However, not even Windows 2000 can cope with everything. Recently, I updated my anti-virus program, and ended up with a system that rebooted itself upon startup. I had forgotten to tell the setup program not to install the anti-virus as a system service, so as not to interfere with a low-level driver for Adaptec's Easy CD software (which caused me an extraordinary amount of trouble earlier by colliding head-on with Windows Media Player 7 and denying access to my CD drives). (See http://support.microsoft.com/support/kb/articles/Q237/4/68.ASP?LN=EN-US&SD=gn&FR=0 for details.)Safe Mode wouldn't work, either. I got the infamous Blue Screen of Death with a cryptic error message: STOP 0x0000001E:KMODE_EXCEPTION_NOT_HANDLED.
Had this been NT4 and my discs been NTFS partitions, it would have been time for some major wailing and gnashing of teeth, because it's very hard to recover from these types of errors. With Windows 2000, however, you have the nifty Recovery Console (RC) - which is a godsend for getting past those pesky STOP errors.
Running RC From CD-ROM
To run the RC, pop in your Windows 2000 installation CD-ROM, and boot up your computer. You might have to change a BIOS setting to have the system boot from your CD-ROM drive first. The familiar Windows 2000 setup and installation program will begin, and will examine the hardware in your system. When you get to the "Welcome To Setup" screen, press
If you haven't got a bootable, El Torito-compliant CD-ROM drive, you should create the four boot floppies from the Windows 2000 CD, by running \BOOTDISK\MAKEBOOT.BAT; have four fresh floppies handy.
Put RC on the menu
While it's useful to boot into the RC command prompt from the setup discs, it's also slow. If you can still access the system hard disks, why not put RC on the start-up menu? Follow these steps:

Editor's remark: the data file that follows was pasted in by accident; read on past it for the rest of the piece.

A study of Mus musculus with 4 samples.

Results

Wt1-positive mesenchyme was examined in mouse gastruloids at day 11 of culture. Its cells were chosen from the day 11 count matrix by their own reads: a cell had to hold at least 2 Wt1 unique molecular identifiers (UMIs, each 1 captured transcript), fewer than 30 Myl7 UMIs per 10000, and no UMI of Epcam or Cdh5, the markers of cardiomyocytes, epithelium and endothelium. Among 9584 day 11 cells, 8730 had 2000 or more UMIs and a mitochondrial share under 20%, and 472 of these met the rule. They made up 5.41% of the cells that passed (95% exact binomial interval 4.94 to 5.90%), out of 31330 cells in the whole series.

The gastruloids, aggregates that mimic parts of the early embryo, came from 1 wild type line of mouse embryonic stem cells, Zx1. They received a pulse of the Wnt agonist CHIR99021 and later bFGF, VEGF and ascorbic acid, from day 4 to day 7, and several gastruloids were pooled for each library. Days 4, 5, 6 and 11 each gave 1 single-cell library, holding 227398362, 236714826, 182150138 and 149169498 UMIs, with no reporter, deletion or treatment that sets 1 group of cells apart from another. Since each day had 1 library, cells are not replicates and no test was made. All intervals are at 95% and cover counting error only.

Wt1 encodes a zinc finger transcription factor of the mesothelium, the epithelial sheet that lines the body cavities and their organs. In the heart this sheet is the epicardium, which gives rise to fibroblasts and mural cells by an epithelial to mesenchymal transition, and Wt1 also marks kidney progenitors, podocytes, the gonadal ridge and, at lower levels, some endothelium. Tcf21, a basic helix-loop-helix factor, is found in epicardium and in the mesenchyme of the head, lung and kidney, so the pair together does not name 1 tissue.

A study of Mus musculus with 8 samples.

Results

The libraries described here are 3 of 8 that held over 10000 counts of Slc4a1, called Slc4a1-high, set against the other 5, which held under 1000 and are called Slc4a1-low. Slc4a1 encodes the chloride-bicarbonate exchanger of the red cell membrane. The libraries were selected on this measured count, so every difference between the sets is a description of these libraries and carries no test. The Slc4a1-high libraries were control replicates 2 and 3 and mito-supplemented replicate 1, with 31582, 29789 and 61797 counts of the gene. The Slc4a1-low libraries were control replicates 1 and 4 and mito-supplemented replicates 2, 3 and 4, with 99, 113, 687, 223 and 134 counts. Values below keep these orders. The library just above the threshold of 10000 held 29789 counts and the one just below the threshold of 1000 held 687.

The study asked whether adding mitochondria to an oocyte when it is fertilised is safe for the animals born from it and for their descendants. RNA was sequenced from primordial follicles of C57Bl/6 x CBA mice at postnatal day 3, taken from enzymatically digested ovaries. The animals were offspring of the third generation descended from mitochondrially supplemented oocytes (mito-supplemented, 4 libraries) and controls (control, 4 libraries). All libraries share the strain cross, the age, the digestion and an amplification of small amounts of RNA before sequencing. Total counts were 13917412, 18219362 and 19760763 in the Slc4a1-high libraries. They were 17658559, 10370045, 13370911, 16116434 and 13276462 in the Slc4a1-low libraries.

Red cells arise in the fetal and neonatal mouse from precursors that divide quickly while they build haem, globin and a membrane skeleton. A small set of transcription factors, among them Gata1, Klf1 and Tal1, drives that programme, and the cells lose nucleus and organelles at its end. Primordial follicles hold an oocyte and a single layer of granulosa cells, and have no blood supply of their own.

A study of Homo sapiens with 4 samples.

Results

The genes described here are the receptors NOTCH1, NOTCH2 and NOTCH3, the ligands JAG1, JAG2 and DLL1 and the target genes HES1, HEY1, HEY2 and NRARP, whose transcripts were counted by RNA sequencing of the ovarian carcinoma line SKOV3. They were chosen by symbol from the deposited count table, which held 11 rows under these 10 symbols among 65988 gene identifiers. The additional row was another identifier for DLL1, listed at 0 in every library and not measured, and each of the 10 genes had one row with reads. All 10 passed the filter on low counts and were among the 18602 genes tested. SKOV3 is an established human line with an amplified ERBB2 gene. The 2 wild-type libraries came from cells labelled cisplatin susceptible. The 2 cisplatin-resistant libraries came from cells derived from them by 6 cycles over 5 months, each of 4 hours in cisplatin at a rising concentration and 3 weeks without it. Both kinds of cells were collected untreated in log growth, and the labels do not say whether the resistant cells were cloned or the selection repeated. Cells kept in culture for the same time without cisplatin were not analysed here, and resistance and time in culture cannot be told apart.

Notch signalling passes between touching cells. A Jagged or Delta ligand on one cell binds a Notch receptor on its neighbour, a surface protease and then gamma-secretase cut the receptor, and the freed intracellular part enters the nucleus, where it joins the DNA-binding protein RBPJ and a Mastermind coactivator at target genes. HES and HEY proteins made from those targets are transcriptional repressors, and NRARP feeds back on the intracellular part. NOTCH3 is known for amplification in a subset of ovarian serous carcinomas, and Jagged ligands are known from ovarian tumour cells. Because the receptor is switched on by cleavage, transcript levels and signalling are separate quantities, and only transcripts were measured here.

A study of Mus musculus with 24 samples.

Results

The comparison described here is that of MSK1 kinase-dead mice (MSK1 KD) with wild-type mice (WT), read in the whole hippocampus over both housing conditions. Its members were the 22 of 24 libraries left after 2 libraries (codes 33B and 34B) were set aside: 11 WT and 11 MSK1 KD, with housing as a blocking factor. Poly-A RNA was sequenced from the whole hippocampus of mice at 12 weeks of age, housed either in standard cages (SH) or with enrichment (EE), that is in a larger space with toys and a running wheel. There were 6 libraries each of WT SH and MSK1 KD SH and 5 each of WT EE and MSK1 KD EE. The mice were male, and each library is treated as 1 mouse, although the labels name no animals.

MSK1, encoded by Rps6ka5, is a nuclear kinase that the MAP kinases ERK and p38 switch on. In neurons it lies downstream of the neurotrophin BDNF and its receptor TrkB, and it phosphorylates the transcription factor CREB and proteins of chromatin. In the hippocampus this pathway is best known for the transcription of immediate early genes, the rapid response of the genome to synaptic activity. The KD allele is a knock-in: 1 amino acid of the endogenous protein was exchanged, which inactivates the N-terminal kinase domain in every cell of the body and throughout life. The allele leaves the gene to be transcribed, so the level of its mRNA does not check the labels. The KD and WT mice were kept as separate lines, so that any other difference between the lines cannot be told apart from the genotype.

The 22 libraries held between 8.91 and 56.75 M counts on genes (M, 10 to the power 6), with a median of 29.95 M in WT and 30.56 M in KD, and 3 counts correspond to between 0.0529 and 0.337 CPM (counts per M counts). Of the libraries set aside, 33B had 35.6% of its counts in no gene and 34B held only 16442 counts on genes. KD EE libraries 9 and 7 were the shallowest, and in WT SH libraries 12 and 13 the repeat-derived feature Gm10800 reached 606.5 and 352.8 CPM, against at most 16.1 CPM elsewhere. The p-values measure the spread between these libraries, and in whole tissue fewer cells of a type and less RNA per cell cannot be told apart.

Insert the Windows 2000 CD-ROM, and either open a cmd-box or use the Start-Run Program dialogue.
The file that tells the NTLOADER bootloader which operating systems to load - boot.ini - will be modified automatically, in the following manner:
Default=multi(0)disk(0)rdisk(0)partition(4)\WINNT[Operating Systems]multi(0)disk(0)rdisk(0)partition(4)\WINNT="Microsoft Windows 2000 Professional" /fastdetectC:\CMDCONS\BOOTSECT.DAT"="Microsoft Windows 2000 Recovery Console" /cmdconsNow you'll have quick and easy access to the RC at boot-up, by pressing
Useful RC commands
The RC command interface is a bit quirky, but it does have online help for all items, and doesn't take long to get used to. Here's a list of the RC commands:
Attrib delete fixmbr more
Batch Dir format rd
Cd disable help ren
Chdir diskpart listsvc rename
Chkdsk enable logon rmdir
Cls Exit map systemroot
Copy expand md type
Del fixboot mkdir set
Most of the commands behave more or less like their DOS counterparts - for example, "Dir" gives you a directory listing.
In my case, I used listsvc (list service) to figure out the name of the offending anti-virus service, and then typed disable
Some other commands that can save your hide include:
Fixboot - use this if the boot sector of your Windows 2000 boot partition becomes corrupted. Use it with the
Fixmbr - as the name implies, this command repairs the Master Boot Record on the Windows 2000 system partition, if, for instance, a virus has whacked it. It can be dangerous to use if the virus is still there, so disinfect first. Use it in combination with the map command to get the name of the device on which to put the new MBR.
The Recovery Console is your friend. Learn how to use it as soon as possible!